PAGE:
The Economy: Unchartered Territory?

Edward Luce, FT, provides an interesting argument on the many ways in which the current economic challenges in the US are going to be difficult (if not impossible) to solve. He illustrates his argument with some rather painful statistics in “Can America regain most dynamic labor market mantle?”

  • The unemployment rate would be 11 percent today (not 8.6 percent) if those who have become “discouraged” and dropped out of the labor force were still counted.
  •  At the current rate of job creation, it will take 78 months to recovery the pre-recession job levels, compared with the 6 months in took to recover from the 1982 recession, the 15 months it took to recover from the 1991 recession, and the 39 months it took to recover from the 2001 recession.

Paul Krugman wrote a column for the Sunday NYT (“Depression and Democracy”) that declared the current economic conditions in the US and Europe to be tantamount to depression. He writes:

“It’s time to start calling the current situation what it is: a depression. True, it’s not a full replay of the Great Depression, but that’s cold comfort. Unemployment in both America and Europe remains disastrously high. Leaders and institutions are increasingly discredited. And democratic values are under siege.”

Krugman’s piece focuses on the political implications for Europe, but his argument has clear implications for the US. Unsurprisingly, his core claim seems to be that all of this could have been avoided had policymakers embraced stimulus instead of austerity.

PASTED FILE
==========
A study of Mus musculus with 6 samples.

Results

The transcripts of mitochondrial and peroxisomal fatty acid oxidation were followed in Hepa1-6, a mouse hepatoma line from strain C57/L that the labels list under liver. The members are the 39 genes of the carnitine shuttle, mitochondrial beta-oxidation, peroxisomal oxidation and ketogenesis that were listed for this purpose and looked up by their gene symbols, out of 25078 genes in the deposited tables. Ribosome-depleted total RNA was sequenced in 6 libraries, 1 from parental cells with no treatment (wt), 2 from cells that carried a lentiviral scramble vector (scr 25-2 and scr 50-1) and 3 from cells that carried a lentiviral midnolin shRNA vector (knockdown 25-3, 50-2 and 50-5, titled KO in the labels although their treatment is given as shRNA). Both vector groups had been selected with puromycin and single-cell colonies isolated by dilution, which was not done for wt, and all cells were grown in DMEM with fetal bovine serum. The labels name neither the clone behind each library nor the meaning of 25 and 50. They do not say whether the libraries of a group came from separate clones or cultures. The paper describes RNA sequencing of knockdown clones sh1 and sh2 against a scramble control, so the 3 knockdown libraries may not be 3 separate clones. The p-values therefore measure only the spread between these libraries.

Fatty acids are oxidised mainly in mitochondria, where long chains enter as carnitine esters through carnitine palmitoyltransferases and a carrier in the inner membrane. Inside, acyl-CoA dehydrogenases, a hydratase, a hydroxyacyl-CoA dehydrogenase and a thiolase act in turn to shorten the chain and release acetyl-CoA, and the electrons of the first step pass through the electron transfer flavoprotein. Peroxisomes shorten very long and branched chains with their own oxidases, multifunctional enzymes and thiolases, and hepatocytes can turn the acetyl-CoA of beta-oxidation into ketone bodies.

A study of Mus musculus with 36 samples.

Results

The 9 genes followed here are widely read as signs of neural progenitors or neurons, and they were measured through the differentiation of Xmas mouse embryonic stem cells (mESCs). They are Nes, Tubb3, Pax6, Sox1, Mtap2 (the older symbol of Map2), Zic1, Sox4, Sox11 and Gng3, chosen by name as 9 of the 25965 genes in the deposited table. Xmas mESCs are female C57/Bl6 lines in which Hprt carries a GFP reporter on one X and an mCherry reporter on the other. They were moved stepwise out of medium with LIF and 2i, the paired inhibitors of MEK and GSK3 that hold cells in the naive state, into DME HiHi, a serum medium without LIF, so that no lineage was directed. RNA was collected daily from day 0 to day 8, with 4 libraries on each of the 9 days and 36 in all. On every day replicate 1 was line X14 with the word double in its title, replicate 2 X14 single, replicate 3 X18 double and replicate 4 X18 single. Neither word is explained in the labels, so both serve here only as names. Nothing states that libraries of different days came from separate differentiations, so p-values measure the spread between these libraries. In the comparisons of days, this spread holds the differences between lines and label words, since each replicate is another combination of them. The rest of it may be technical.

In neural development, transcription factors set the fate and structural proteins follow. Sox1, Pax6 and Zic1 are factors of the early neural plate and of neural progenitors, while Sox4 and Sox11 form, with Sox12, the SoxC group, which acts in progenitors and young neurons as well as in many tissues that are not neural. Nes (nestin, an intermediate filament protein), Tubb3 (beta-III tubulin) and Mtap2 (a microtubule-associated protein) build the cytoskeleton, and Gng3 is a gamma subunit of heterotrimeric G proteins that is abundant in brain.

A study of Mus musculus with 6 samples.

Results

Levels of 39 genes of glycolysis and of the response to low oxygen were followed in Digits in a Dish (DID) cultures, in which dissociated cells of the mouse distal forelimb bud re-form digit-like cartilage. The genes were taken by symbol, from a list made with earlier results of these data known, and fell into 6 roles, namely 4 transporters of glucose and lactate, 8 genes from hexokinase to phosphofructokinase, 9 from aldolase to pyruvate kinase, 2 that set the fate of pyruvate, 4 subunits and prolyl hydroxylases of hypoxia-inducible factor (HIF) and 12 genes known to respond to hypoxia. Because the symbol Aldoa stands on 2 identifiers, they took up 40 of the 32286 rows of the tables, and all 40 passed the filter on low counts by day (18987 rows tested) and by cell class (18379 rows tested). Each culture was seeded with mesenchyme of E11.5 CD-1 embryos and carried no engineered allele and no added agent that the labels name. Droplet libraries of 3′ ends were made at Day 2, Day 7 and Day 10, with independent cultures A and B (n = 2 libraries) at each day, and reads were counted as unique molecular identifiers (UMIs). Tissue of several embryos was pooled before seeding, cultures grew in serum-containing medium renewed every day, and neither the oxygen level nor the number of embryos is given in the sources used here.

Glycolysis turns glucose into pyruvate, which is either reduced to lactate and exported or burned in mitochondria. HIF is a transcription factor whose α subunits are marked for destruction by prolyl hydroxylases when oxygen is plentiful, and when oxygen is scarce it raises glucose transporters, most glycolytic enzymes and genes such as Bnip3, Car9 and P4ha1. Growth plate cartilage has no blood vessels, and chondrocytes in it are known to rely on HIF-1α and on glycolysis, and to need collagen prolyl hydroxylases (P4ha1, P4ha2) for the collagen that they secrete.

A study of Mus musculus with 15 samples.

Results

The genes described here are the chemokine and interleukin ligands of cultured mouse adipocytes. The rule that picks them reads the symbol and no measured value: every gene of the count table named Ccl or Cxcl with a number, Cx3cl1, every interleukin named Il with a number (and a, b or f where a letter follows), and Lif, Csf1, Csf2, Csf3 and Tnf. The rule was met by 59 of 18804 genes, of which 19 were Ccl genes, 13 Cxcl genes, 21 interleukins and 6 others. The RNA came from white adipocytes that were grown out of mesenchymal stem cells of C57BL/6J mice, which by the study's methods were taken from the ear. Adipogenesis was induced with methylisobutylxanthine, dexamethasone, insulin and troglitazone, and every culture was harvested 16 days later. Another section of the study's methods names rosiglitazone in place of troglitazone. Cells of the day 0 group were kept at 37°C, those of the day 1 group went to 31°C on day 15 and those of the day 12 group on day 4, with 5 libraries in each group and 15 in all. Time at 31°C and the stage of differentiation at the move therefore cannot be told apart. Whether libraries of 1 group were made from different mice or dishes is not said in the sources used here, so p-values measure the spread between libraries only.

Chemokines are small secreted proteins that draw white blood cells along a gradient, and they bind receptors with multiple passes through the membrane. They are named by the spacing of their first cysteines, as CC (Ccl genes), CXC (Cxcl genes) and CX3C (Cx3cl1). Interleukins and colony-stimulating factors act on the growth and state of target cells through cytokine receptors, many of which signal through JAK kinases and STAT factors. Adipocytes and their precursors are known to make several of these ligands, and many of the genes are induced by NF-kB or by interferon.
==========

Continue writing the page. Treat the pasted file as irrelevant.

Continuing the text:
Luce, in contrast, provides a far more interesting argument that engages long-term structural changes in the US economy. Although there is a case to be made for educational reform, fiscal stabilizers, and infrastructural investments, he concludes with a rather suggestive quote from former budget director Peter Orzag:

 “The truth is that we don’t know how to fix the US labour market – we are in uncharted territory…It would help to spend more on retraining and on infrastructure and to have a more rational immigration system. But these wouldn’t fundamentally transform the situation for the middle class … It is not yet clear what, if anything, could.”

One thought on “The Economy: Unchartered Territory?

  1. The problem with both analyses is that they treat the economy like a clockwork. If you tighten this spring or replace this gear or lube it there, then the whole thing will work better. That’s not a good metaphor and an even lousier basis for prescribing policy.

    A better metaphor for the economy would be some kind of primitive, multicellular sea organism, like a sea sponge or a coral(my wife and I have grown coral). The only thing you can do to encourage a coral to grow is provide clean water at the right temperature and the correct light for a certain number of hours a day. After that all you can do is wait. If you do anything else to the environment of a coral you will kill it.